As I write this, a few days before the New Year begins, Vita Brevis is nearly a year old; it has had more than 300,000 page views since its first post on 2 January 2014. (This is a statistic I like to trumpet, although of course a single reader on a given day might well look at more than one entry: so I cannot claim 300,000 unique readers over the course of the first year, much as I would like to!) That first post, Generatio longa, vita brevis, hinted at the blog’s purpose: “Vita Brevis will include short posts on research methods – applicable to a variety of genealogical subjects – as well as posts on results. Like a mosaic, these posts will, in time, form a new collection for the genealogical researcher to explore.”
During 2014, we occasionally broke news; more often, though, the blog’s authors wrote about their research interests and offered advice – and, sometimes, rueful suggestions about what not to do!
Back on 20 January, Penny Stratton urged readers to write what you know. After reviewing family stories that seemed almost too good to be true (and were), she noted: “As wonderful as these stories have been, their failure to hold up under standard methods of genealogical scrutiny makes me question other family lore I encounter. Yes, it’s wise to start with what you know, but perhaps we should reword that advice: start with what you know and can prove.”
On 4 February, I wrote about a new library acquisition, an exuberant genealogical tree chart showing the family of Queen Victoria at the time of her Diamond Jubilee in 1897: “[The] longest-surviving member of the English Royal Family shown is Princess Alice of Albany, the daughter of Queen Victoria’s youngest son, Prince Leopold. Born at Windsor Castle in February 1883, she married King George V’s brother-in-law Prince Alexander of Teck [created Earl of Athlone in 1917]. Lord Athlone, … Governor General of South Africa and then Governor General of Canada, died in 1957; Princess Alice – the last surviving grandchild of Queen Victoria – died at Kensington Palace in January 1981, just shy of her 98th birthday.”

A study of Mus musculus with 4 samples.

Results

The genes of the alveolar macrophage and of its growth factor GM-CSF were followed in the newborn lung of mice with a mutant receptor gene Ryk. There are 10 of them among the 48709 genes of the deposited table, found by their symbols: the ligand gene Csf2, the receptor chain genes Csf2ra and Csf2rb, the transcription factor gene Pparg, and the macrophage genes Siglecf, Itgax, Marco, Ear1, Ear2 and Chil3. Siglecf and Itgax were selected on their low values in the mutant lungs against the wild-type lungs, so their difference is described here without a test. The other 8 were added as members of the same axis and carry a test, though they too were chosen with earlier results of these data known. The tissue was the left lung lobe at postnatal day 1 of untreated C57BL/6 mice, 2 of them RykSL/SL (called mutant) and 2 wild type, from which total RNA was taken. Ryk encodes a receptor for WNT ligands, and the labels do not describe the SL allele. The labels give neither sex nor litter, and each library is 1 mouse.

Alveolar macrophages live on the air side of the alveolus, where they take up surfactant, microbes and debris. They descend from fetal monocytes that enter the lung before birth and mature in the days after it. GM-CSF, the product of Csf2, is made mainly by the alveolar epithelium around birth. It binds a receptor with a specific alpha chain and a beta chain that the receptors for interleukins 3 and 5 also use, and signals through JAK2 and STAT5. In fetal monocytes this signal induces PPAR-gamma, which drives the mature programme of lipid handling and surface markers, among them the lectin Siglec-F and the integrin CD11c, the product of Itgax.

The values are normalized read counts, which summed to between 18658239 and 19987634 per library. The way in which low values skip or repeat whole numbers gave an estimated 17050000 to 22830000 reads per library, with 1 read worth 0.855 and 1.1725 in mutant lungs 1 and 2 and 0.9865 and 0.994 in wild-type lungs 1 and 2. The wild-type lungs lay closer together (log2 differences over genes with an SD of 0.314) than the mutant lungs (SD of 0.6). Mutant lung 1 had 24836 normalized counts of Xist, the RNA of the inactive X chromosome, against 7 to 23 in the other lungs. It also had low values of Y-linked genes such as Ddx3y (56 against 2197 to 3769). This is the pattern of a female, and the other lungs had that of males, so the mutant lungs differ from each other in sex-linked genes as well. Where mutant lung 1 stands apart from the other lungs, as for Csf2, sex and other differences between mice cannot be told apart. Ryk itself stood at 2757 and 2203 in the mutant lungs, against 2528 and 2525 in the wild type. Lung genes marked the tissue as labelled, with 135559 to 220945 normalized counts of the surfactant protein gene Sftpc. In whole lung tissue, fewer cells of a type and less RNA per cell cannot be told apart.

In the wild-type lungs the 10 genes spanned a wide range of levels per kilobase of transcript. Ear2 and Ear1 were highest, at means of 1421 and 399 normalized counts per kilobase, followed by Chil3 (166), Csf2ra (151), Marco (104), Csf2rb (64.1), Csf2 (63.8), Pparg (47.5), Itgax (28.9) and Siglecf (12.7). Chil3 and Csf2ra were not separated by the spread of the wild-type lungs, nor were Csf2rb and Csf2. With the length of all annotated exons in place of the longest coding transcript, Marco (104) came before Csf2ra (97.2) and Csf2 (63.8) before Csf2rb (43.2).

A few weeks later, on 21 March, Ryan Woods described his emotions on discovering – in a diary kept by his wife’s great-grandfather – that a member of his family had been present in the household on the day in 1909 when his grandmother-in-law was born: “A memorable day this morning at 2:40 our first daughter was born. We decided to call her Ruth Evelyn. Doctor went home about 4 o’clock. In the morning I telephoned to Mr. Whitcomb to let Mother Southworth and Father Douglass know the news. Jennie Woods [Ryan’s great-great-aunt] came to help with the housework until Mother Southworth should arrive. Mother came on the 4:45 train….”
When I was developing the West Indian ancestry of my ancestress, Susanna (Heyliger) Bainbridge, I found that her grandson (my great-grandfather) had drawn up an elaborate [and bogus] coat of arms for her husband, Commodore William Bainbridge, based on the arms of an unrelated Bainbridge family…. Included in this heraldic disaster … were the supposed arms of the Heyliger family. And, as it turned out, they were valid arms — though not for the Heyliger family (!)
Five weeks later, Robert Charles Anderson sketched out the mental shift involved when the Massachusetts Bay Company became the Massachusetts Bay Colony. For early grandees like Sir Richard Saltonstall or Lord Saye and Sele, “top-down” development was preferable to “bottom-up,” but conflict between the two models was inevitable, as when, “In 1635, the [ship] Christian set forth for New England; most of its adult male passengers were carpenters hired by Sir Richard Saltonstall and bound for Connecticut. Their new settlement was meant to be erected on the same site already chosen by some newly arrived inhabitants who had come from Dorchester, Massachusetts. This contested spot would become the town of Windsor. Saltonstall’s carpenters and their families were allowed to remain, but Saltonstall’s personal colonization plans were frustrated.”
On 19 June, Helen Herzer highlighted the NEHGS Committee on Epitaphs, established in 1899. For many of us, vital information is often first found on gravestones in cemeteries, but even 115 years ago people were concerned about the steady loss of these stones from pollution and neglect. Soon after the committee was formed, a communiqué to members gently chided them for the slow pace of their work: “While everything on the stone is valuable, names, dates, statement of the social relation, mortuary verse, decorations, and even the stone cutter’s evident errors; yet the copying of everything, delightful and fascinating though it is, takes time, and for lack of time many stones remain uncopied and the inscriptions in danger of being lost through the destruction of the stones.”
The list continues, and concludes, here.